More than 140 journalists at Health Journalism 2015 gathered early Friday to hear Veterans Affairs Secretary Robert McDonald – and to question him about VA policies, including the agency’s notorious opaqueness with reporters.
McDonald readily acknowledged that the VA has had what he called a “Kremlin-esque” mentality, and told the roomful of journalists that he was trying to change it. The VA is publishing patient access data (waiting times for appointments) on the website every two weeks, and he said he’s trying to promote a culture of openness.
“We’ll fix that, he said as reporters complained of being stonewalled by VA communications staff. “We’re fixing that.”
He stressed that much of the strain on the VA isn’t over – yet – because of the long wars and severe casualties in Iraq and Afghanistan. Nine million vets are enrolled in VA care, and much of what the agency is doing is caring for aging Vietnam vets. So the agency must care for the Vietnam generation (including PTSD that may manifest later in life as veterans age and develop dementia), address the needs of those injured in Iraq and Afghanistan – and prepare for the next wave of aging vets from the recent and ongoing deployments. “We’ve got to build the capacity today,” he said, before this generation hits their 60s and 70s.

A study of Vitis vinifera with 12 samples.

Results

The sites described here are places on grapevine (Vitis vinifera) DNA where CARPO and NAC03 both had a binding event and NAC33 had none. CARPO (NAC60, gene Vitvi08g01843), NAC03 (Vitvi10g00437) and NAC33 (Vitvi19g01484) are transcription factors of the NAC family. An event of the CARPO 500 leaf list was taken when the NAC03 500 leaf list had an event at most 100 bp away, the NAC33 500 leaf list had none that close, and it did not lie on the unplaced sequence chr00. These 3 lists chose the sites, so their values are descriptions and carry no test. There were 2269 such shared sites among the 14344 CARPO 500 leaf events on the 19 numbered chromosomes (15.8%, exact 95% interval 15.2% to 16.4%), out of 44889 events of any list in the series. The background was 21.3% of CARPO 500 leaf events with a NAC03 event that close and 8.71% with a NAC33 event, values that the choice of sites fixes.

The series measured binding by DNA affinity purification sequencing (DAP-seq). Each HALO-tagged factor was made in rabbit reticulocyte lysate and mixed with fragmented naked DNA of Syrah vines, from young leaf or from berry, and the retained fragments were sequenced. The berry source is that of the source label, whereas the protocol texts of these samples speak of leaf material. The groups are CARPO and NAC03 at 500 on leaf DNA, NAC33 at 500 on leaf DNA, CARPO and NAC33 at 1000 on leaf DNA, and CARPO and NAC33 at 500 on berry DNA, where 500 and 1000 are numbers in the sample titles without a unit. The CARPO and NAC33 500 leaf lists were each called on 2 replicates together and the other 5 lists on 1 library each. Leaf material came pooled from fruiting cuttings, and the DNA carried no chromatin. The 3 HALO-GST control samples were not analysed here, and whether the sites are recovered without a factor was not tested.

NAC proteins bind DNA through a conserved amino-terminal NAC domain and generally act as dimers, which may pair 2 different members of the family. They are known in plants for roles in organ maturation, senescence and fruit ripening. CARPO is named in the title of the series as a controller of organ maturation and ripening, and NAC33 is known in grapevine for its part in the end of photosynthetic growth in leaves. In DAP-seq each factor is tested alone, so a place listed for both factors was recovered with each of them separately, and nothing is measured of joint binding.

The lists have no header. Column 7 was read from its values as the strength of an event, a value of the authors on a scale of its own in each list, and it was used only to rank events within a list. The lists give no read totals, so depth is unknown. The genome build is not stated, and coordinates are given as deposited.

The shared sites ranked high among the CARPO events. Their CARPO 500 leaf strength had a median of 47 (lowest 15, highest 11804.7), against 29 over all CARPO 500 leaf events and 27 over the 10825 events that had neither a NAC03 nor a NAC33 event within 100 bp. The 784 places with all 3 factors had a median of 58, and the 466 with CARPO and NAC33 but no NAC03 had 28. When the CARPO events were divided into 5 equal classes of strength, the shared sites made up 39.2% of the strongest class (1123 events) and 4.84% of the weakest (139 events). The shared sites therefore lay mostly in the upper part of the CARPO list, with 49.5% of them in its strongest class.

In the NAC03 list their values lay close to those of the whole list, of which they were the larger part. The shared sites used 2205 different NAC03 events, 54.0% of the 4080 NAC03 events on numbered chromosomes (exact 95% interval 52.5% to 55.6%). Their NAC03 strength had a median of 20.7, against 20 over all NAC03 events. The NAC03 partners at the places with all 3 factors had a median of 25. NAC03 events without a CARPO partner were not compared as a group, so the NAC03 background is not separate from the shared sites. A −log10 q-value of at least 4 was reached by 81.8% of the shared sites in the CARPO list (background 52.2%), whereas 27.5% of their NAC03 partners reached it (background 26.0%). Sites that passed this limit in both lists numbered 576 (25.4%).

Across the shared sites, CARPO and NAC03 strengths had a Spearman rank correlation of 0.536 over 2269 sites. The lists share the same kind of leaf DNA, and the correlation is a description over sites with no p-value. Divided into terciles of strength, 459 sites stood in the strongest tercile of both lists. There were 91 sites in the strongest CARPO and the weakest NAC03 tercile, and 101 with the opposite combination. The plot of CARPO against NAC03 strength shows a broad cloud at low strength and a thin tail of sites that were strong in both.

In many ways, he said, the VA is the “canary in the coal mine” of American medicine. The VA sees the problems before they reach the rest of society.
McDonald also addressed the lack of services for the growing number of female vets. The VA doesn’t have enough OB/GYNs. Some VA buildings are so old that they don’t even have women’s restrooms. And the VA hasn’t yet done everything it needs to do to help women (and men) who have endured military sexual trauma, or MST in VA lingo. “We’re doing everything we can,” he said.
He also expressed his frustration with Congress. The House has cut the administration’s budget request, at the same time it presses the VA to rapidly improve. The agency also has a lot of unused facilities which are costing $25 million a year – but he said Congress hasn’t let it shut them down and use the money for other needs. Saving $25 million on unused space, for instance, would pay for 200,000 needed nurses, McDonald said.
He also complained that Congress not not granted him the flexibility he has sought in his agency’s funding, the ability to shift from one account to another as needs change (including paying for the new option of VA-covered individuals to seek care outside the VA). The budget woes are particularly frustrating as veterans’ needs are growing. There were 1 million claims in 2009, and that’s likely to rise by 50 percent by 2017. And claims grow more complicated, as older and sicker vets come in with more complaints per visit.
McDonald also announced a new 11-member Special Medical Advisory Group. It includes some members who may be familiar to AHCJ members who track policy, among them Dr. James Weinstein, the chief executive officer of Dartmouth Hitchcock, Deborah Trautman, the chief executive officer of the American Association of Colleges of Nursing, and Dr. Bruce Siegel, president and chief executive officer of America’s Essential Hospitals (formerly the National Association of Public Hospitals and Health Systems). (See more here.)